DFAT: there is now a way to get your children out of Cambodia
In November 2014, Cambodian authorities advised the Australian Government that the act of commercial surrogacy, or commissioning commercial surrogacy, was illegal in Cambodia with penalties including imprisonment and fines.
On 24 October 2016, the Cambodian Government issued a ministerial directive which reaffirmed that surrogacy is banned in Cambodia.
However, on 5 May 2017, Cambodian authorities advised the Australian Government of the transitional court arrangements for children born through surrogacy in Cambodia, effective from 28 March 2017. The advice received from the Cambodian authorities noted that a commissioning father must establish paternity through Cambodian court proceedings, supported by a positive DNA test result, and a surrogate mother will need to consent to a transfer of parental power. These transitional arrangements apply to children conceived before 28 March 2017 and are valid for 9 months and 10 days from that date. Commissioning parents should seek independent legal advice on how these arrangements are to be applied.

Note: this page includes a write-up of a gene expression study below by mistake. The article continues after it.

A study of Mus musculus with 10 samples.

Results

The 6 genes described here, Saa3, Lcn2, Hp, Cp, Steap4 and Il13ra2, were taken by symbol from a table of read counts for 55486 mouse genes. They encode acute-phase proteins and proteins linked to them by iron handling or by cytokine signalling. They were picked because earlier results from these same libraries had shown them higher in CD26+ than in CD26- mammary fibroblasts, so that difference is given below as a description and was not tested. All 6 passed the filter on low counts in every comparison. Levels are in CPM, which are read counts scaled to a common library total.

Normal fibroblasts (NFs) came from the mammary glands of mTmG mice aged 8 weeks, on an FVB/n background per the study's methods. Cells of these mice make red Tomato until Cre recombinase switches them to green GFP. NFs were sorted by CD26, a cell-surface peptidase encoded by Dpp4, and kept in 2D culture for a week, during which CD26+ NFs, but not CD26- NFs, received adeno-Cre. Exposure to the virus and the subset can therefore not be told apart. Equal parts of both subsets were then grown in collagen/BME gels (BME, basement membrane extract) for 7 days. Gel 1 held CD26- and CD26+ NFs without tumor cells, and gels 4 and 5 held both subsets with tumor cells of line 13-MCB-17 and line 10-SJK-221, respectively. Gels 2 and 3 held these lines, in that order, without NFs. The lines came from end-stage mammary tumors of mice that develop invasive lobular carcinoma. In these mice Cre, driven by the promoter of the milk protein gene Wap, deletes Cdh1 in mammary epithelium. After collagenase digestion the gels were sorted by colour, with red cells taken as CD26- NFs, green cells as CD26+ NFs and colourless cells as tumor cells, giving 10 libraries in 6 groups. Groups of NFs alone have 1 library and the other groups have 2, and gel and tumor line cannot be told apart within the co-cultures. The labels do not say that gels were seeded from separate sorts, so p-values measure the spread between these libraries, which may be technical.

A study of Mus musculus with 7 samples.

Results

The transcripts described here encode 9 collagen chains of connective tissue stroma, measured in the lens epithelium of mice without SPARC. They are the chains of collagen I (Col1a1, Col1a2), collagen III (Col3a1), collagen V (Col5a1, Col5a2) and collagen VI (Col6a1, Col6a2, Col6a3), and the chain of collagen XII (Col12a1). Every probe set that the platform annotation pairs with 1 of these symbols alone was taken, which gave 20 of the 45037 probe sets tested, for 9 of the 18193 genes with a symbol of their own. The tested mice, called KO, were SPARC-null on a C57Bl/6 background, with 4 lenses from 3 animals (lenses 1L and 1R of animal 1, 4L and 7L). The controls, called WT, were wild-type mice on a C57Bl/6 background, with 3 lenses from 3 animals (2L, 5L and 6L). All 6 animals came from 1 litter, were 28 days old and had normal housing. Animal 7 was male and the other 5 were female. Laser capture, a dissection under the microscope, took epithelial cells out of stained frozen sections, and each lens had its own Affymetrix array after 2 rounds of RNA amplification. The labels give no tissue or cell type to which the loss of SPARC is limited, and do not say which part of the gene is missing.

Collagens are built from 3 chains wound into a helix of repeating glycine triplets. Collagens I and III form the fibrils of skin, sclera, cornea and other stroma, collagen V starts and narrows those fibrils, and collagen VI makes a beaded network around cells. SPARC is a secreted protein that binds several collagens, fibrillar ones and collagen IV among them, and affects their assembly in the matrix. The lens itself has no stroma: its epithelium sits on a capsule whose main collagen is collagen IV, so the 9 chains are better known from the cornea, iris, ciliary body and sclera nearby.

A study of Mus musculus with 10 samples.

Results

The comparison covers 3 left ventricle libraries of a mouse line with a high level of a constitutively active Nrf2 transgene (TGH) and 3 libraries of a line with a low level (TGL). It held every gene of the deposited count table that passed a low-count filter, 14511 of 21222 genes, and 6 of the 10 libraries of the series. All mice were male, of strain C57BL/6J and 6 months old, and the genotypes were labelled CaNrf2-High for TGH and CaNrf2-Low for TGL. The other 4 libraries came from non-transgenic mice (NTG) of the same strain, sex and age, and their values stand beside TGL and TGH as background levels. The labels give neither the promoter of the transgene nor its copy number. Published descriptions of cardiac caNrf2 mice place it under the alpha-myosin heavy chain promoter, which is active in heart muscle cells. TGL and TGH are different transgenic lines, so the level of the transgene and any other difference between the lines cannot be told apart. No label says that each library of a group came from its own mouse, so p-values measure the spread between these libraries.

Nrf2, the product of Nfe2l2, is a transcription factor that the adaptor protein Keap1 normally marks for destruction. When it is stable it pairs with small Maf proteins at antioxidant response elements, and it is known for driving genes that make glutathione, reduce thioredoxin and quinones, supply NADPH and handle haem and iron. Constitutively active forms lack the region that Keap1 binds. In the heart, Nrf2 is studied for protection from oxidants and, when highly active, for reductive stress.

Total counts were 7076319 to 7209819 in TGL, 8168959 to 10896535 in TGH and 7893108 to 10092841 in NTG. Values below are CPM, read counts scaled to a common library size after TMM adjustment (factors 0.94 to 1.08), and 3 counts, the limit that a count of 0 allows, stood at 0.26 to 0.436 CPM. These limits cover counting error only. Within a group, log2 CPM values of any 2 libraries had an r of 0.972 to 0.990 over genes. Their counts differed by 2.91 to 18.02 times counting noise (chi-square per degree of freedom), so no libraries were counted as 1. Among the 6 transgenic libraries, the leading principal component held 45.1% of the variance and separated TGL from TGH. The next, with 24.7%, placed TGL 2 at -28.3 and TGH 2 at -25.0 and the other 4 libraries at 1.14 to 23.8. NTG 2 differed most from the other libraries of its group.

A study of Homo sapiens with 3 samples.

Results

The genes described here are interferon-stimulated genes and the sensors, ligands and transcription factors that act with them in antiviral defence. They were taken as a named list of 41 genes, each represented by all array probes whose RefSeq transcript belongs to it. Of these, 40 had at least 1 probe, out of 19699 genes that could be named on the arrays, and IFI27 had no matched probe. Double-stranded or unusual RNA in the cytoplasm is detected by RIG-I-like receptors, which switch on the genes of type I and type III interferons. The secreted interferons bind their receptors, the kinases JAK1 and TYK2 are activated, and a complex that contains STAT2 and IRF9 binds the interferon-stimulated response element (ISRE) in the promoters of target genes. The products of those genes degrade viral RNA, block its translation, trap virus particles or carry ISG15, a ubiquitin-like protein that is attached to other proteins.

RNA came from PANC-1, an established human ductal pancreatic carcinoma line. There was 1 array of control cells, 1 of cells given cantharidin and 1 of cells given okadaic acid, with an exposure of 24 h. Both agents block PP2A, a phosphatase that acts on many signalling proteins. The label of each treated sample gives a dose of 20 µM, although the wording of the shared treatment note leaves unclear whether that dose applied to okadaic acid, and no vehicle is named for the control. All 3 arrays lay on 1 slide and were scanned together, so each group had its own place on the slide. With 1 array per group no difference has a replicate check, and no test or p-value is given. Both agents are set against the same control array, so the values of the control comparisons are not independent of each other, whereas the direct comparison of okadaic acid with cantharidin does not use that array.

Commissioning parents should also be aware that they may face delays in obtaining exit permits for children born through surrogacy in Cambodia pending the further development of surrogacy laws and regulations in Cambodia.
Australians are advised not to visit Cambodia for the purpose of engaging in commercial surrogacy arrangements. You should seek independent legal advice regarding these matters.
If you have undertaken surrogacy in Cambodia, I would strongly suggest getting independent advice before going through the process proposed by the Cambodian government.